Can You Cut Your Own Septate Or Split Hymen?

Possibly, but there are several reasons why you shouldn’t. Learn why, what a septate hymen is, problems it can cause, and how to safely remove one.

A: Possibly, but there are several reasons why you shouldn’t.

The hymen is a stretchy, thin, and flexible piece of tissue that’s located just inside of a woman’s vaginal opening. It’s actually composed of material that’s left behind after the vagina forms in utero.

Normally, a hymen doesn’t stretch across the entire vaginal opening, sealing it off like a lid. Instead, it is usually crescent-shaped, leaving a hole that’s large enough for menstruation to take place.

  • What Is A Septate Hymen?

In the case of a septate hymen, however, the hymenal tissue is divided across the middle — essentially splitting the vaginal opening in two.

When girls discover that they have a septate hymen, they’re often desperate to remedy the problem.

In fact, they may think that it’s safe to cut it themselves.

It isn’t.

If you try to cut your own septate hymen, you’re likely to make the situation worse for yourself — not better.

Not only will you run the risk of getting a severe infection, which could later turn into sepsis as a result of not using clean tools, but potential blood loss and scarring are also a major concern.

Additionally, you may experience a lot of unnecessary pain during the process.

Every young woman wants to feel like she is in control of her own body, but attempting to cut your own septate hymen may cause more harm than good.

  • How Common Is A Septate Hymen?

Since cases are likely under-reported, it is hard to know for certain how common they actually are, although it’s estimated that approximately 1 in 1,000 girls have a septate hymen.

  • Why Didn’t I Know I Had A Septate Hymen When I Was Younger?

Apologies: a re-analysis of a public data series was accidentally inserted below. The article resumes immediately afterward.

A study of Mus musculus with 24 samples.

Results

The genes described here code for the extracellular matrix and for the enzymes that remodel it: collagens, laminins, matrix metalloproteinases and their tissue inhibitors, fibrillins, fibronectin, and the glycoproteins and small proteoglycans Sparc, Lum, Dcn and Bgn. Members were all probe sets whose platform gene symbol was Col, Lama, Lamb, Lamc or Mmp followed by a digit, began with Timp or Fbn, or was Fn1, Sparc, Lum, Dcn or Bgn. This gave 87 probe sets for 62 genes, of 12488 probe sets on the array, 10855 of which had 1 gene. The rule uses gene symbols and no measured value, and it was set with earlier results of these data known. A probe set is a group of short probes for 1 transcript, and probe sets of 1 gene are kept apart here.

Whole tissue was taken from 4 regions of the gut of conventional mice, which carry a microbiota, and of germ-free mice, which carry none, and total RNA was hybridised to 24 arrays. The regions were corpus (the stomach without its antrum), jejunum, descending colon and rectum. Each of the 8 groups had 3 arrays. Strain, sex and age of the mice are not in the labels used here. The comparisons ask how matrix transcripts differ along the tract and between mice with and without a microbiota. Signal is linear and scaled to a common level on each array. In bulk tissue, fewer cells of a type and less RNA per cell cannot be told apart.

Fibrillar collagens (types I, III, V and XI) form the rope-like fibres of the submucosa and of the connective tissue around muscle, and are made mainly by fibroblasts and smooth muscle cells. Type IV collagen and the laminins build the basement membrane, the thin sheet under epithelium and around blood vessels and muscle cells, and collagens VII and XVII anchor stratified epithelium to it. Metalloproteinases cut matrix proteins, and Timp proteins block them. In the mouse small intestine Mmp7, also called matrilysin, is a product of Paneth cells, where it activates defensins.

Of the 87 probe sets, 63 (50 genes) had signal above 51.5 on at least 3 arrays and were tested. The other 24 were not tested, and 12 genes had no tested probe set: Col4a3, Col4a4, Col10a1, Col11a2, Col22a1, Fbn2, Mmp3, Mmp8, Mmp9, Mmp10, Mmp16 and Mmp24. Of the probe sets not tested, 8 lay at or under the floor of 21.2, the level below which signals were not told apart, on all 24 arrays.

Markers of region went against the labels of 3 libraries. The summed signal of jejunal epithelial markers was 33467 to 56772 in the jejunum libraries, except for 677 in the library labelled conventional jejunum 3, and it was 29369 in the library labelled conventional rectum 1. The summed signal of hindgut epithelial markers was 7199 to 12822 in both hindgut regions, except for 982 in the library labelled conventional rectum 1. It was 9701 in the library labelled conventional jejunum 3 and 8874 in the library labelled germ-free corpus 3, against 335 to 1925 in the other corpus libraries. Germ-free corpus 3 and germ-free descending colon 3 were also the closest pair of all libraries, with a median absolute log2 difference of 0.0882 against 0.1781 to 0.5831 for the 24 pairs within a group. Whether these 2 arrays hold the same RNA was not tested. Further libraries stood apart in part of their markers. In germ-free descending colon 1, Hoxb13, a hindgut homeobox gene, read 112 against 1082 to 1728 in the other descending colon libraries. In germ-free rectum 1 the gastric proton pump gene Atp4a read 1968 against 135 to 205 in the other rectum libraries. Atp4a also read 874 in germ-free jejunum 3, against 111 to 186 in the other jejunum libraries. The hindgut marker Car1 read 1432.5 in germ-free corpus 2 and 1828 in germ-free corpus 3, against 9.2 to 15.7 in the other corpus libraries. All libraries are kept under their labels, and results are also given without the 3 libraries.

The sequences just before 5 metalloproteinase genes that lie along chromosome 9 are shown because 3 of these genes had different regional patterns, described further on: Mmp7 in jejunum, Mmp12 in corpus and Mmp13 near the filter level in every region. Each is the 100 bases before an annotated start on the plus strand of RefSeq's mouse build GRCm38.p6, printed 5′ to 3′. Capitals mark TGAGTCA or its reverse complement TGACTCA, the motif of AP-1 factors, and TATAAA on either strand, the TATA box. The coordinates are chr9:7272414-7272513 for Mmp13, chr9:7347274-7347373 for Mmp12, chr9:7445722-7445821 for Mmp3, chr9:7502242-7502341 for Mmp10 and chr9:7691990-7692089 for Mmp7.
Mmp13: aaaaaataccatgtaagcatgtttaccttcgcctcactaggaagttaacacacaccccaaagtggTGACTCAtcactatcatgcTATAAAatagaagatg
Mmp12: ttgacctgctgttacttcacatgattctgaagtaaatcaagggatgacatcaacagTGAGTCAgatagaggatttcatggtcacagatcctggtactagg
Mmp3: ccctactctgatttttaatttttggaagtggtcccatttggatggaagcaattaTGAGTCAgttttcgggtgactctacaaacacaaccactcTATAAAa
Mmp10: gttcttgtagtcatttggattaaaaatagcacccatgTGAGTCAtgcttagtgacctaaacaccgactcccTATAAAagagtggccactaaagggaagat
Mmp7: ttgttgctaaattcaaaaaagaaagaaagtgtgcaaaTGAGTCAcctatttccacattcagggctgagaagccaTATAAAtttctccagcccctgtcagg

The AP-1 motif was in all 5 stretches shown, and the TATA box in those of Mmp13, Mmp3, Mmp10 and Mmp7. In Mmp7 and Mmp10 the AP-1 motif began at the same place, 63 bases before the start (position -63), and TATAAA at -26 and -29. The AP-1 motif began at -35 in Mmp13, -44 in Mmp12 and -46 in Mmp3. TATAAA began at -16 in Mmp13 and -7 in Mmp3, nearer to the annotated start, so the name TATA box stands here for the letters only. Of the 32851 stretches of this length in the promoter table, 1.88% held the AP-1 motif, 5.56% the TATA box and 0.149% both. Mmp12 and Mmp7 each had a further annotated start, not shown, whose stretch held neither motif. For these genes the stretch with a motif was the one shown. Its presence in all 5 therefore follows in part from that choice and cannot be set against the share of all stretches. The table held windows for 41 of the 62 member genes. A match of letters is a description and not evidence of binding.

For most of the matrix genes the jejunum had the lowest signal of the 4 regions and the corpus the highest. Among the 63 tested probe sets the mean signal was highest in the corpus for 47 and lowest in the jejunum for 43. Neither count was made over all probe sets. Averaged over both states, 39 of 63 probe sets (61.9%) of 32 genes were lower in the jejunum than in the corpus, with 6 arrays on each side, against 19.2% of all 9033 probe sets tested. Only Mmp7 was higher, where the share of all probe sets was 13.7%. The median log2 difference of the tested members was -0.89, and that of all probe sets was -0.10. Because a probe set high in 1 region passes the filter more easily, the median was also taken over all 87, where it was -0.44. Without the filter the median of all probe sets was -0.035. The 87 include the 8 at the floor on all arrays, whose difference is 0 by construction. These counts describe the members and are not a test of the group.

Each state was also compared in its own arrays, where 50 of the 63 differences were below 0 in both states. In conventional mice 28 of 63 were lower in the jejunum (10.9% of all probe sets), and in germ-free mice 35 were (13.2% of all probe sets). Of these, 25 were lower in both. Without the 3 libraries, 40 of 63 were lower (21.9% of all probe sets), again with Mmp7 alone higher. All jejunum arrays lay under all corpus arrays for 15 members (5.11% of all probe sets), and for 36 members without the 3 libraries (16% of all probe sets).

A septate hymen is a condition you’re born with, but many girls don’t become aware of it until puberty.

After all, it’s not like we ever hear anyone talk about this subject in our sex education classes at school. And if I’m being honest, exploring our own anatomy at a young age is a difficult and often shame-filled prospect.

A septate hymen might not be discovered until a young woman struggles with tampon use repeatedly or until she experiences pain during sexual play or penetration.

Even so, it can still take time for some young women to realize that a septate hymen is the cause of their pain.

  • What Problems Can A Septate Hymen Cause?

Using a tampon is difficult, if not impossible, for many individuals with a septate hymen because the two openings created by a septate hymen may be too small to accommodate a tampon.

If a tampon does fit and passes through one side of a split hymen, it may be difficult to later remove it through the same side.

Other common problems that are associated with a septate hymen include pain and bleeding during sex.

A septate hymen could potentially cause infertility since penetration may not be possible, though it’s important to note that once the hymen tears or is removed, this is no longer an issue.

  • Will A Septate Hymen Tear On Its Own?

In some cases, the extra hymen tissue will tear on its own during sex, when using a tampon, or throughout the course of other activities, such as horseback riding or gymnastics.

In these instances, bleeding and pain may occur when the hymen tears, but there’s usually no need for further intervention.

  • What If I Want My Septate Hymen Removed?

If your septate hymen is still intact and negatively affecting you, don’t try to remove it yourself. There is a much safer option available.

In order to access that option, however, you’ll have to talk to your doctor first.

Listen, I get it: feeling like your body is weird or somehow “broken” is such a lonely feeling.

The absolute last thing you probably want to do is talk to someone about the very thing that’s making you feel different.

Although you may be embarrassed to bring the topic up, it’s absolutely worth mentioning to your doctor. This is your sexual health we’re talking about here, and you should always bring up any strange sensations or issues that are impacting you. Trust me, your doctor has probably heard it all by now.

If you don’t have a doctor you feel comfortable talking with or if you don’t have a regular gynecologist, consider making an appointment at your local Planned Parenthood.

The recommended treatment for a septate hymen is a hymenectomy, a minor and often simple procedure that removes the extra tissue around the vaginal opening.

It is also a procedure that is best left in the hands of trained professionals.

Bottom Line:

Ultimately, you deserve to feel comfortable in your own body.

If you have a septate hymen, it’s important to be educated about it so you can choose a safe option for yourself instead of attempting a risky DIY procedure.

Do you have a septate hymen or have you undergone a hymenectomy to remedy a septate hymen in the past?

Share your experience with others who are dealing with this issue by clicking on the Discuss link/button below!